Election '97: Conservative's tax bombshell may explode in Major's face

Manifesto analysis: The Tory Party pledge to cut taxes and raise spending does not add up

The document paints a contrast between a free-market, small government, entrepreneurial Tory Britain, and an over-regulated Labour Britain operating under the yoke of the Social Chapter and minimum wage. It promised tax cuts, getting the Government off the backs of the people.

But the Tories have to answer the same question they traditionally put to Labour politicians: how will you pay for it? The specifics in the manifesto cost money; how to find those billions is couched in generalities.

The three centrepiece tax proposals are the plan for married people looking after children to transfer their tax allowance to a working spouse, the target of a 20p basic rate of income tax, and a pledge to reduce the burden of capital gains and inheritance tax when possible. The first will cost about pounds 1.5bn according to the Institute for Fiscal Studies. A 3p reduction in the basic rate of tax would cost nearly pounds 6bn. And CGT and inheritance tax together raise pounds 4.5bn a year.

The Government is not promising to reduce taxes by pounds 12bn in one fell swoop if it wins the election - perish the thought that it could be so irresponsible.

So when would it be affordable? The trouble with the manifesto promises is that the Government has already done the most it thought possible in terms of reducing tax in the Budget only four months ago.

The plans set out at the end of November forsee tax rising as a share of national income in order to plug the gaping hole in the public finances. Tough expenditure limits are predicted to bring spending down as a share of national income. The plans were based on an already optimistic forecast for economic growth. Nothing has changed the arithmetic since then.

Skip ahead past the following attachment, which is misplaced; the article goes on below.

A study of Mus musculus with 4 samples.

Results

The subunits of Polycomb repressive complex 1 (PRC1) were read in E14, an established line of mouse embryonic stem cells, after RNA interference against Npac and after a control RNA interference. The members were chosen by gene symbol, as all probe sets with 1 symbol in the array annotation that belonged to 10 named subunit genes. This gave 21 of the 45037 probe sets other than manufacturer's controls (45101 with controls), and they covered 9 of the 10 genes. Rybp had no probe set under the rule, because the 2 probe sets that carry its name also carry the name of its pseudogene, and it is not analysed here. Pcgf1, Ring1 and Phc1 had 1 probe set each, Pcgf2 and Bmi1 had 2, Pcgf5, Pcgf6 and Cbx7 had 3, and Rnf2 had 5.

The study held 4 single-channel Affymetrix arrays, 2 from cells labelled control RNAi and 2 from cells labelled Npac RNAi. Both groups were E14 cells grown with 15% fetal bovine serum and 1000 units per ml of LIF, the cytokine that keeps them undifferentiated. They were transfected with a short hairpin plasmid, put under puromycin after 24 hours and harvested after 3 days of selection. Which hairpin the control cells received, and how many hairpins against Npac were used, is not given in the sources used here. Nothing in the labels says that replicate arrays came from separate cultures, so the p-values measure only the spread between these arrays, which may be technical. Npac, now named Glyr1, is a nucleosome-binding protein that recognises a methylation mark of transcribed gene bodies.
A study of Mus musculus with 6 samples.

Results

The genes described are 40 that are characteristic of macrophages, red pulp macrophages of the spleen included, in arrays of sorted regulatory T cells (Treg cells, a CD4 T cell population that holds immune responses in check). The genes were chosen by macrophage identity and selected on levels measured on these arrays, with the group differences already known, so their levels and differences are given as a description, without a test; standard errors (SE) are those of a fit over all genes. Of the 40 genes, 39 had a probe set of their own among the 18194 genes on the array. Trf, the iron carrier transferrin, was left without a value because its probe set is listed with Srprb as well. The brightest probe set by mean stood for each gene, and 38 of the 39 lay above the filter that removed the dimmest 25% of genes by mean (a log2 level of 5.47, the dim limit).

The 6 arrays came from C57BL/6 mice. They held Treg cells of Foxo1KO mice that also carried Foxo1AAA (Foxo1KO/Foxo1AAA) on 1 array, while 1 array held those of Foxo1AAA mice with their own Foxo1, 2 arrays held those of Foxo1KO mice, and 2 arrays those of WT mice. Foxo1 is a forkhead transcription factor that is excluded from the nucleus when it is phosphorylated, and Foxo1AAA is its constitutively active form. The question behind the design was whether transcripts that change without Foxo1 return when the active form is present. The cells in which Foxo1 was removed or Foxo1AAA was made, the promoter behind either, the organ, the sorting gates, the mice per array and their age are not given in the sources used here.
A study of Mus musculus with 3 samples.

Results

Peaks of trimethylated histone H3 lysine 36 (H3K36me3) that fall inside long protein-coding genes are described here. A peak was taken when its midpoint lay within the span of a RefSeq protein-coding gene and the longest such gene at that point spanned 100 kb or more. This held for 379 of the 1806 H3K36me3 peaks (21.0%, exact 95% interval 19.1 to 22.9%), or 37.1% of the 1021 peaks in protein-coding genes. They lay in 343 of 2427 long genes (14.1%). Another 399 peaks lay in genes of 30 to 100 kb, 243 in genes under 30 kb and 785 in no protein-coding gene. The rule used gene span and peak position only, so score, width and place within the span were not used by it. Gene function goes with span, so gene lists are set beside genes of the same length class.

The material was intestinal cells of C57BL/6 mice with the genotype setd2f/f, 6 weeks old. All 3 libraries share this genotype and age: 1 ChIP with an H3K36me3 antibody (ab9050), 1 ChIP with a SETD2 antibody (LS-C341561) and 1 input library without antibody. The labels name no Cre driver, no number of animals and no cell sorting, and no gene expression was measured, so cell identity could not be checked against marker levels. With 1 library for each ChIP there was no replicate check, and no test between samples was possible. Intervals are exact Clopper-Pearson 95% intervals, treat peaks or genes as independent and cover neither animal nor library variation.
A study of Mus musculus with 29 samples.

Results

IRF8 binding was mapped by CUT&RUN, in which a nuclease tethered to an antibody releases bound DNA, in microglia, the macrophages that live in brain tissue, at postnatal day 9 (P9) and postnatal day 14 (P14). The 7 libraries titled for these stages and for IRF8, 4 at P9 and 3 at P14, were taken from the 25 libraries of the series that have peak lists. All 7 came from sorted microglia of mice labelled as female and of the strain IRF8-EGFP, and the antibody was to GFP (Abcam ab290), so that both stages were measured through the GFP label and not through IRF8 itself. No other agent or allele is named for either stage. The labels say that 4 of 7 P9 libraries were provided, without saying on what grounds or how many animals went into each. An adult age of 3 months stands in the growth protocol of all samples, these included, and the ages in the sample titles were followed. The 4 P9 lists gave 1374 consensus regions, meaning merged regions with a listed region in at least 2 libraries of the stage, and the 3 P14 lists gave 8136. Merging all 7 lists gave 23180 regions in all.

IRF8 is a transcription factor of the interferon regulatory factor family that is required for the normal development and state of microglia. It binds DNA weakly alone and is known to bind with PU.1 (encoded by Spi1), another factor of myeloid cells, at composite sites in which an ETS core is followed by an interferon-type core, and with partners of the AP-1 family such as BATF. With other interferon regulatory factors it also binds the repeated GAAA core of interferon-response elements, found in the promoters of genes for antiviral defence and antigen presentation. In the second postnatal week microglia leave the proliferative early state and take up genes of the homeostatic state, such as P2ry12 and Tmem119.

It is a matter of logic to figure out the possibilities for further tax cuts. The obvious one would be to increase other taxes. Kenneth Clarke and Mr Major when asked yesterday were careful not to rule out increases in VAT. The ghost of Geoffrey Howe's 1979 Budget hovers - a pre-election promise not to raise VAT was followed by its near-doubling a few weeks after polling day.

Another possibility would be to finance lower taxes by further reductions in public spending. But if the Conservatives said they were planning this they would meet with incredulity amongst independent experts. Economists to a person - and that includes the private opinion of Treasury officials - think it will be extremely difficulty to hit the existing targets.

Besides, the manifesto also promises higher spending on hospitals, schools and the police. That will have to be funded by reducing the social security budget - falsely claimed by the manifesto to be taking a declining share of national income. Its share has actually been rising steadily.

That leaves only two other options. Assume the economy will start to perform much better so tax revenues grow naturally - which would be a complete fudge. Or abandon the pledge of fiscal responsibility and let borrowing take the strain - the most likely outcome in practice, perhaps, but least attractive in terms of rhetoric.

So the Government has not told us how it would pay for the tax cuts and bits and pieces of higher spending dangled manifesto. It is an all-gain, no-pain set of proposals, and as such not a genuine economic programme.

But one area of genuine difference between the Conservatives and Labour over the economy does emerge very clearly in the absence from the manifesto of any discussion of income inequality or what Continental Europeans would call social exclusion.

It claims that the possibility for married couples to transfer their tax allowance would "provide a targeted reduction in the tax bill to families who need it most."

Not according to the IFS, whose researcher Paul Johnson said yesterday: "This will not help families at the bottom of the income distribution." And it will certainly not help single parents. It rewards a narrow group of people not facing particular hardship.

It will also sharply reduce the incentive for middle-class wives to take paid work. The tax treatment of second earners, mainly women, will revert to the pre-Second World War position - a real backward step for a government which claims to have created a dynamic economy with more working women than any other country in Europe.